Your update on Canada’s HRCs coming to you three times a week:
– The CHRT says it does not have the power to rescind the retirement policy – but it does have the power to severely punish Air Canada whenever it applies their policy. Huh?
– The complainants, after undergoing retraining, will jump the queue to operate the equipment that they are “entitled to”.
– The specious legal reasoning that I call the “McDonald’s Argument” strikes again – if the respondent is a massive company then huge payouts in litigation are justified solely because the respondent won’t even notice that the money is gone. Look in section 164:
Further, in limiting retroactive relief, Hyslop requires that fairness to the litigants be considered. In my opinion, the balance in terms of fairness, favors the complainants. The complainants are two in number. There is no evidence that their reinstatement at the seniority numbers they claim would have any negative effect on Air Canada’s operations.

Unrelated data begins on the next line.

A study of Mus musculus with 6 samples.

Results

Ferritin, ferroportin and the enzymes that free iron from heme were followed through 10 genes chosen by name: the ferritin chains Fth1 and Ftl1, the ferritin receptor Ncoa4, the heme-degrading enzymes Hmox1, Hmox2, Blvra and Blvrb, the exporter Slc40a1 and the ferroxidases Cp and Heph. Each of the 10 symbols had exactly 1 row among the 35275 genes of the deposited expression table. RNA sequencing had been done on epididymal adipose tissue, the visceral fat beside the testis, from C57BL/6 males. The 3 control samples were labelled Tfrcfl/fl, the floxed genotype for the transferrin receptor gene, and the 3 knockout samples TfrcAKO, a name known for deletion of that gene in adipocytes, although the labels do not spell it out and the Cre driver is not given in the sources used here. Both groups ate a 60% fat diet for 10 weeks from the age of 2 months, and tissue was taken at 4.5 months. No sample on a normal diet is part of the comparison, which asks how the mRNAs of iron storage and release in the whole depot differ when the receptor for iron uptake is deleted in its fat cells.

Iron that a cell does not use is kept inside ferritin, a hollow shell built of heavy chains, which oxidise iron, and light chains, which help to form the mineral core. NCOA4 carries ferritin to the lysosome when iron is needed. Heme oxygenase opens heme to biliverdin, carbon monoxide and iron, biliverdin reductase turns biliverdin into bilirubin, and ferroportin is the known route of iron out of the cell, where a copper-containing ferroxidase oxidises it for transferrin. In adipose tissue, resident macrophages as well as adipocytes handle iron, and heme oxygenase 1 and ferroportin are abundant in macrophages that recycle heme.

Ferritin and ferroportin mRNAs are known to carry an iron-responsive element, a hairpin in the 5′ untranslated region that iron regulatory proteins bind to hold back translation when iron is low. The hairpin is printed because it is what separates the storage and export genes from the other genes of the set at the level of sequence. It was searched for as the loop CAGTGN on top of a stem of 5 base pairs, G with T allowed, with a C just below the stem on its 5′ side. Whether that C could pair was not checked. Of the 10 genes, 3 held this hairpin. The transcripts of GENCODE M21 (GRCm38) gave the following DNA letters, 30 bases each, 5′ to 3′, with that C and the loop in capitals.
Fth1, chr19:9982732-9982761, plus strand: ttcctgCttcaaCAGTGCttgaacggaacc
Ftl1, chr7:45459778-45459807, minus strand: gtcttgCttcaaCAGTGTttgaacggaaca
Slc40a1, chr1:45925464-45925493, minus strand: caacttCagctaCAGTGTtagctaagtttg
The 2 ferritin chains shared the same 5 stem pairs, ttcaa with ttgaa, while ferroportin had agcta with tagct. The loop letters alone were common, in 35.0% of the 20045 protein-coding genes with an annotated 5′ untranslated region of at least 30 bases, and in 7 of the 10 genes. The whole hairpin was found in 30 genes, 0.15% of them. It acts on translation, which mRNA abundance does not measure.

Not to mention the amusing statement that “fairness favors the complainants.”
Second: The unintended (hopefully) consequence of outlawing drug and alcohol testing: “Give us your drunk, your intoxicated, and your addicted! We need them to run a mine!”
There’s been some confusion about whether anyone who drinks or uses drugs should think of applying for jobs at Hope Bay.
But pre-job drug and alcohol testing is not part of the Newmont hiring process, Hanks said.
And it’s “not the plan” to introduce any drug or alcohol testing at Newmont’s operations in Canada, he said.
The Canadian Human Rights Commission’s policy on alcohol and drug testing says pre-employment drug or alcohol testing, random drug testing, and random alcohol testing of employees who are in safety-sensitive positions are not acceptable.